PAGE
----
Istanbul by train sounds a long way, but it offers a much lower carbon footprint than flying and was also a richer experience. Not quite the Orient Express, and the slow trundle through the Romanian countryside seemed interminable, but allowed plenty of reading time. And there were a few interesting encounters – which doesn’t happen when travelling by plane.
The long journey ended in Kusadasi on the Turkish coast, at the annual congress of the European Society for Social Paediatrics. This is a small but highly motivated group of paediatricians that embraces the Scandinavian north, the Mediterranean littoral, several from former eastern Europe, and also some new entrants from the US and Australia.
The meeting’s focus was on healthcare for well children. But as a result of hearing of children’s rights abuses in a number of European countries, in which paediatricians had remained silent, we carried out a survey of national involvement in children’s rights in healthcare across member countries, and the results were presented at the meeting.
What kind of abuses are being carried out? The following were described in the survey: discrimination against Roma children; street children; child abuse and neglect; children separated from their parents during hospitalisation; low age of criminal responsibility; children abused by the criminal justice system; the effect of the occupation in Palestine on children; and inequalities in child healthcare. And all of these have implications for children’s health and wellbeing. Can paediatricians stop this kind of abuse of children’s rights? History tells us that coalitions of influential people can indeed make a difference – after all it was paediatricians who introduced parents into hospital with their children, who are leading the reforms on medicines for children, and who have spoken out strongly on the detention of asylum seeker children in the UK.
So what did the survey tell us about paediatricians across Europe? Of the 18 countries who replied to the survey, only seven reported on a national paediatric association which has adopted a statement on children’s rights (CR) and has included CR in their curriculum. Nine included CR in the training of paediatricians, rather higher than I had expected. However only three paediatric associations in the survey were able to give an example of a public statement on a child rights issue: Israel, UK, and the US. The Israeli Paediatric Association spoke out on the deportation of illegal immigrant children, the RCPCH on maltreatment of detained asylum seeker children, and the American Academy of Pediatrics on the need to protect children from alcohol advertising.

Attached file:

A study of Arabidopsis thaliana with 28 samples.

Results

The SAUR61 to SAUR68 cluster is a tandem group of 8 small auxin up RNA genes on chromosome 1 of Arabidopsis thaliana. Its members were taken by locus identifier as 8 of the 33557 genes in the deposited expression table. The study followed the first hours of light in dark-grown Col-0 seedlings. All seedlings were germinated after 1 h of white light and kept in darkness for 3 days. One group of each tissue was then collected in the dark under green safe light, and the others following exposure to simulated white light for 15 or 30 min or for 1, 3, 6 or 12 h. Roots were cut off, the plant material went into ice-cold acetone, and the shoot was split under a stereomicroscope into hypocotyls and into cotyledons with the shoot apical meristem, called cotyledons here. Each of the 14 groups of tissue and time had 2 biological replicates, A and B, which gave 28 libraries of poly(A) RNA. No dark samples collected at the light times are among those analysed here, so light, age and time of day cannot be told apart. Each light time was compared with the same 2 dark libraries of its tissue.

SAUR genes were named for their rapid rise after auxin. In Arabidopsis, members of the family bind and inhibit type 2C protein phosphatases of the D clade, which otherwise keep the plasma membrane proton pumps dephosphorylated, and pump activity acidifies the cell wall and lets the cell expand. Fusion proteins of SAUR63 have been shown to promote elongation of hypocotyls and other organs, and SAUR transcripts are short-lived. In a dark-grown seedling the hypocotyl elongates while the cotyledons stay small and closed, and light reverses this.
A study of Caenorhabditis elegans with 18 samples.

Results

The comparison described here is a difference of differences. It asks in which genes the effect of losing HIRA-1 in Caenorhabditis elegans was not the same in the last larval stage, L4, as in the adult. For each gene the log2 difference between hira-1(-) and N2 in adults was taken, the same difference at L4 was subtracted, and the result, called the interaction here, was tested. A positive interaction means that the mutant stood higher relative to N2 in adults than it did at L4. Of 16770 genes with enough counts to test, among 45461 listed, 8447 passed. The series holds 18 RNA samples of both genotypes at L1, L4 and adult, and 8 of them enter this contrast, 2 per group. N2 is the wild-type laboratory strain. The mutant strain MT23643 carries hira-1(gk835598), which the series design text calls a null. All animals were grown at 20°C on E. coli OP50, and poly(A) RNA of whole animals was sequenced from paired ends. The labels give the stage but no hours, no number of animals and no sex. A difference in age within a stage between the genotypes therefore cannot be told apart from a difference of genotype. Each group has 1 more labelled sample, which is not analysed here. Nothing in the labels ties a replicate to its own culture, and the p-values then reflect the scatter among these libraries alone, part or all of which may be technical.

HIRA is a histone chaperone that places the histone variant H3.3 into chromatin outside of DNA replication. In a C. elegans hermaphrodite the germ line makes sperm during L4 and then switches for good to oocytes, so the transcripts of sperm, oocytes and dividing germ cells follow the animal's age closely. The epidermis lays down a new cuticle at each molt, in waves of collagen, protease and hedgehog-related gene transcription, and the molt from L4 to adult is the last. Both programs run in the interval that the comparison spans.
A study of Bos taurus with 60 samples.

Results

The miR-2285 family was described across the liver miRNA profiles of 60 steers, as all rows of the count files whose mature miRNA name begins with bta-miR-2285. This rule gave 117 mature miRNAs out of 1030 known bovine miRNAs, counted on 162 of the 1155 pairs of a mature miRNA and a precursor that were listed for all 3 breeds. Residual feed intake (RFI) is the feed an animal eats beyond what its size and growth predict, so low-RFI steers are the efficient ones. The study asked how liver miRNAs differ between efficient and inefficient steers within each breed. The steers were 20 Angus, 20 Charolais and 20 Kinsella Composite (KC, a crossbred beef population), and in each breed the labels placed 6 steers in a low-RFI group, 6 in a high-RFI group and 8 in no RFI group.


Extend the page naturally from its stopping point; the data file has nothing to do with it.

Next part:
ESSOP members agreed that their associations could do more and that improving child rights training will be a first step. For some, children’s rights are still far from the day to day work of the paediatrician – while for others, they are and must remain central to our humane approach to children and families.
Certainly, children are better off now than in decades past. But our concerns are moving from health to wellbeing, and remembering that UK is at the bottom of the European league for child poverty and that our government is proposing to remove universal child benefit, we should not relax our vigilance quite yet.
Tony Waterston is a paediatrician in Newcastle-upon-Tyne, working mainly in the community with long term conditions, disability, child abuse and social and mental health concerns. His interests are in child public health, children’s rights and global child health and he leads the RCPCH teaching programme in the occupied Palestinian territories.